Kortrijk Railway Station, Kortrijk, BELGIUM
Kortrijk, located on the western border of Belgium close to Lille, is a railway station with the value of an urban public space.
The first railway station was built in 1839, following the European trend of Neoclassicism. As a centre of exchange, the building gradually housed other public services, such as a telegraph office in 1851 and a post office between 1850 and 1905.
The station was erected at the periphery of the city of Kortrijk. However, the “new” connection affected the urban development and led to the creation of a new region in the city, with the Kortrijk Station at its core. Kortrijk became an important railway junction on the road to France. As a result, it was heavily bombed in 1944, after the invasion of Normandy. More than 1,800 buildings, including the station, were destroyed.
The Kortrijk Railway Station was rebuilt in 1951 to a new design by the architect Pierre Albert Pauwels, one of the most important figures in Belgian contemporary architecture. The rebuilding of the station followed the Expo 58 style, a “discussion” between neoclassical and contemporary elements.
The new building featured a bas-relief of an allegorical representation of travel and transport on its façade, which was made by the sculptor Maurits Witdouck; and an artwork depicting the river Lys and Kortrijk’s industries in the central travellers’ hall, which was made by the Bruges ceramicist Rogier Vandeweghe.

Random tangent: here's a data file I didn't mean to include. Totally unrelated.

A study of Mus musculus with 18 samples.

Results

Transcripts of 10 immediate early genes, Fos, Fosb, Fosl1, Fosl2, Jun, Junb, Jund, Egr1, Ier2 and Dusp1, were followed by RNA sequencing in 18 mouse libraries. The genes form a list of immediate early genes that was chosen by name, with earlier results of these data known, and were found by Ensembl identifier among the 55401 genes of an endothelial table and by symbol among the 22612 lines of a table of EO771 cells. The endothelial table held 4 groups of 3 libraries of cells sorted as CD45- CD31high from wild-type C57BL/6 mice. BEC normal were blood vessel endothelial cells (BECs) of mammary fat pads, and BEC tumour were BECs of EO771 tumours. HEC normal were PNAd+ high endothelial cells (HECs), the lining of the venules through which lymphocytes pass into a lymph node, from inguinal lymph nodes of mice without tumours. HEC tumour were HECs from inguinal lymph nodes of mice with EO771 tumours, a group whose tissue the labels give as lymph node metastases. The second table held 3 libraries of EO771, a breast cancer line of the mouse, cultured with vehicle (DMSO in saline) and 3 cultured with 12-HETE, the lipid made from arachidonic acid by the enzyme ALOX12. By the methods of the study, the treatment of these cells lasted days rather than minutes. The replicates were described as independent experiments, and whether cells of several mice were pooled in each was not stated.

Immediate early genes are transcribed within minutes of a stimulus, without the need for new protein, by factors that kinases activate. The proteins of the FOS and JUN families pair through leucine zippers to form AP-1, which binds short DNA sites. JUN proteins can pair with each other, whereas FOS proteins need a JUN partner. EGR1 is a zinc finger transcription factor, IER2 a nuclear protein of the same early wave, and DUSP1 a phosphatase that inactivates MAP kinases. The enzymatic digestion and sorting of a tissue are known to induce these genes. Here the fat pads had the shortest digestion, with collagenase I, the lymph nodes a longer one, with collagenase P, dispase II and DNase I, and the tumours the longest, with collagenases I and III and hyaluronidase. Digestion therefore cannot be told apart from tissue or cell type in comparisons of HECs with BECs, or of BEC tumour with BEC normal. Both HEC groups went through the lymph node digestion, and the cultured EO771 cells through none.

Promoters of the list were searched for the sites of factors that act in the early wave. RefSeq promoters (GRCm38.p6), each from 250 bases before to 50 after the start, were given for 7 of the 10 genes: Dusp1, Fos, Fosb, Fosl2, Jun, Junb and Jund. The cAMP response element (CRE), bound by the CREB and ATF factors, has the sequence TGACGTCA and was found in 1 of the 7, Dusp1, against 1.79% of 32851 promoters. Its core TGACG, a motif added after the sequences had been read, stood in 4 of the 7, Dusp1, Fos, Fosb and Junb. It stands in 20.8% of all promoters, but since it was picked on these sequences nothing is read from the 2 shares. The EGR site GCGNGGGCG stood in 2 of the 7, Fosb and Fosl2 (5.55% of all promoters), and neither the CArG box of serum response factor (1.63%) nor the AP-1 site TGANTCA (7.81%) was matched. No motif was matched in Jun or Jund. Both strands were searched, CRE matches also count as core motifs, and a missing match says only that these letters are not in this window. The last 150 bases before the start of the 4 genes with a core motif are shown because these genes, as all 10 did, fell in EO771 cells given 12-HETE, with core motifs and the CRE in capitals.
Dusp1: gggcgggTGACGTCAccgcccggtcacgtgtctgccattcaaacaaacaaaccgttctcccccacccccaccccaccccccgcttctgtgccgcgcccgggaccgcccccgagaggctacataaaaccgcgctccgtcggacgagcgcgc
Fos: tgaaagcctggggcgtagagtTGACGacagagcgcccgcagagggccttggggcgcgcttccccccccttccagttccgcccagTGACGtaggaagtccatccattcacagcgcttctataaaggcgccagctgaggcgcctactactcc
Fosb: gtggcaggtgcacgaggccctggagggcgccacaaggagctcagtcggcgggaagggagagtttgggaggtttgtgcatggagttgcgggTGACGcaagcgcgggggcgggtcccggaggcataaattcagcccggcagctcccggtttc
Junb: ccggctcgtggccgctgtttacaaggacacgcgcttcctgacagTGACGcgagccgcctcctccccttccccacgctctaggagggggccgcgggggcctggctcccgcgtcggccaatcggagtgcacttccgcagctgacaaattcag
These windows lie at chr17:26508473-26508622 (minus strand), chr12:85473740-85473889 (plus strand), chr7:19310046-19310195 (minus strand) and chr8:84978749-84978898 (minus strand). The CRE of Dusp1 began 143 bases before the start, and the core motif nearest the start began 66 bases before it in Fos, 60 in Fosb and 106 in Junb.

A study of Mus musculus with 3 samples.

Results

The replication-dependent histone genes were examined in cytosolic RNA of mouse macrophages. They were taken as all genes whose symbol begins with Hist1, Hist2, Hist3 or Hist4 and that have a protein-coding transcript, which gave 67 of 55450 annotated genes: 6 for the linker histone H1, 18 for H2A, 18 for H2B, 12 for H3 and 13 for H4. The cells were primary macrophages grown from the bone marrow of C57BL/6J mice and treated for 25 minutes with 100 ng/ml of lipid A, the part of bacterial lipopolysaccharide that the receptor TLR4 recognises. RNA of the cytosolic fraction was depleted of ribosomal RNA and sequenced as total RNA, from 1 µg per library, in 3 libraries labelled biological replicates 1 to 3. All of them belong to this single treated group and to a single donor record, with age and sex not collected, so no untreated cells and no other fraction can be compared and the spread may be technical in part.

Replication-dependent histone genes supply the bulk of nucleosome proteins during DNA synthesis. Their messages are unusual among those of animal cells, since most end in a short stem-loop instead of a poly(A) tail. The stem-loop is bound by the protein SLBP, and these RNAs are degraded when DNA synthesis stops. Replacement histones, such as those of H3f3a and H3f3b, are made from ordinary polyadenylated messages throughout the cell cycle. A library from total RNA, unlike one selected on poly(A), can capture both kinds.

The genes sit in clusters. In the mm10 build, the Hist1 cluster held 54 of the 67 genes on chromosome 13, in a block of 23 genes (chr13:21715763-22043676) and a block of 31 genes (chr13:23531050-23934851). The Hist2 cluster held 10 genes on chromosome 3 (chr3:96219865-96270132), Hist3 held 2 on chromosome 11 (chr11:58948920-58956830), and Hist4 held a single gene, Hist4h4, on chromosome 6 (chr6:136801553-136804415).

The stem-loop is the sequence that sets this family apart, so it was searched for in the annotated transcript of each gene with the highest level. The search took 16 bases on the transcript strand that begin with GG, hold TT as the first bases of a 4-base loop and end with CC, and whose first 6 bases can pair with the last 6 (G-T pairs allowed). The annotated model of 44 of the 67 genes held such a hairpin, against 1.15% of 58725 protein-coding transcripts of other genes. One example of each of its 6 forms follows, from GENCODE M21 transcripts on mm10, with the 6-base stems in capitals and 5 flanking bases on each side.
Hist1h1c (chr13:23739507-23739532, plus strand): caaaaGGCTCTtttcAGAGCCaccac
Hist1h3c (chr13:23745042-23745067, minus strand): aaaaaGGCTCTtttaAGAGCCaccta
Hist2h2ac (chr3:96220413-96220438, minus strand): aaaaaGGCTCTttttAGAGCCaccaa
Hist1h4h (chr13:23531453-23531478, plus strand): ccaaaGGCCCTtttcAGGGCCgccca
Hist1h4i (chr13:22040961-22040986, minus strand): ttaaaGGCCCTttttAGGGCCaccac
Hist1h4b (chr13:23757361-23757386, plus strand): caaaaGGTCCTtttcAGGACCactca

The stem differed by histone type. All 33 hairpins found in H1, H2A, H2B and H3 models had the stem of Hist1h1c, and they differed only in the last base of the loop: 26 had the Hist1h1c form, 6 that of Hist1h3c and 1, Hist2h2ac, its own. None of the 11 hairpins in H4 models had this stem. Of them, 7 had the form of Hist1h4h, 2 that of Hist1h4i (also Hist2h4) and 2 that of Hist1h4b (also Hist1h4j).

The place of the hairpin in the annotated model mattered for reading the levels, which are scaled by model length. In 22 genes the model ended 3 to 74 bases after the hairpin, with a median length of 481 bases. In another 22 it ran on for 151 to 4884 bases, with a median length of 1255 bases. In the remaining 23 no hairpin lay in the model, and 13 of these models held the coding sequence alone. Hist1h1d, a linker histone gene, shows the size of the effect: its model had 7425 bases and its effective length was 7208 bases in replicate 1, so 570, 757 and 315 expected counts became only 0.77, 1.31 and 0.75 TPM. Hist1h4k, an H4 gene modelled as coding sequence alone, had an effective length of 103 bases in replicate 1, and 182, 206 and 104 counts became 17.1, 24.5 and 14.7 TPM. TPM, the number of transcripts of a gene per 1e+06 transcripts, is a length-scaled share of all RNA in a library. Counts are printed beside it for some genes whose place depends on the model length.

The iconic building is now threatened to be demolished to make space for the development of a new station. The initial plan was unveiled in 2015 by SNCB and Infrabel, who are the owners of the station. The demolition would not only mean the loss of an architectural gem and symbol of post-War World II re-development, but also the loss of a public space for the citizens of Kortrijk.
The local community has been campaigning against the demolition through petitions. The nomination to the 7 Most Endangered Programme 2023 was made by the Flemish Association for Industrial Archaeology, with the endorsement of Europa Nostra Belgium, which advocates against demolition and for the sustainable conservation and development of this architectural landmark.
The nominator submitted a request for the classification of the Kortrijk Railway Station as a Historic Monument to the Flemish Ministry of Finance and Budget, Housing and Immovable Heritage. In addition, a letter emphasising the architectural value of the Kortrijk Railway Station and advocating for its preservation was sent to the Flemish Minister in charge of Immovable Heritage, with the endorsement of many individuals and various organisations, such as Bond Heemschut based in The Netherlands and DoCoMoMo International.
The nominator suggests retaining the public use of the building and including the citizens even further, with the establishment of offices and co-working spaces. The sustainable conservation and development of Kortrijk Station could set an example for reused industrial heritage in Europe and beyond.
The Advisory Panel of the 7 Most Endangered Programme stated: “The Kortrijk Railway Station is a unique architectural piece and a well-preserved example of Belgian railway heritage. The recent reconstructions of other Belgian railway stations demonstrate that saving the existing architecture combined with modern additions and functions, go perfectly well together.”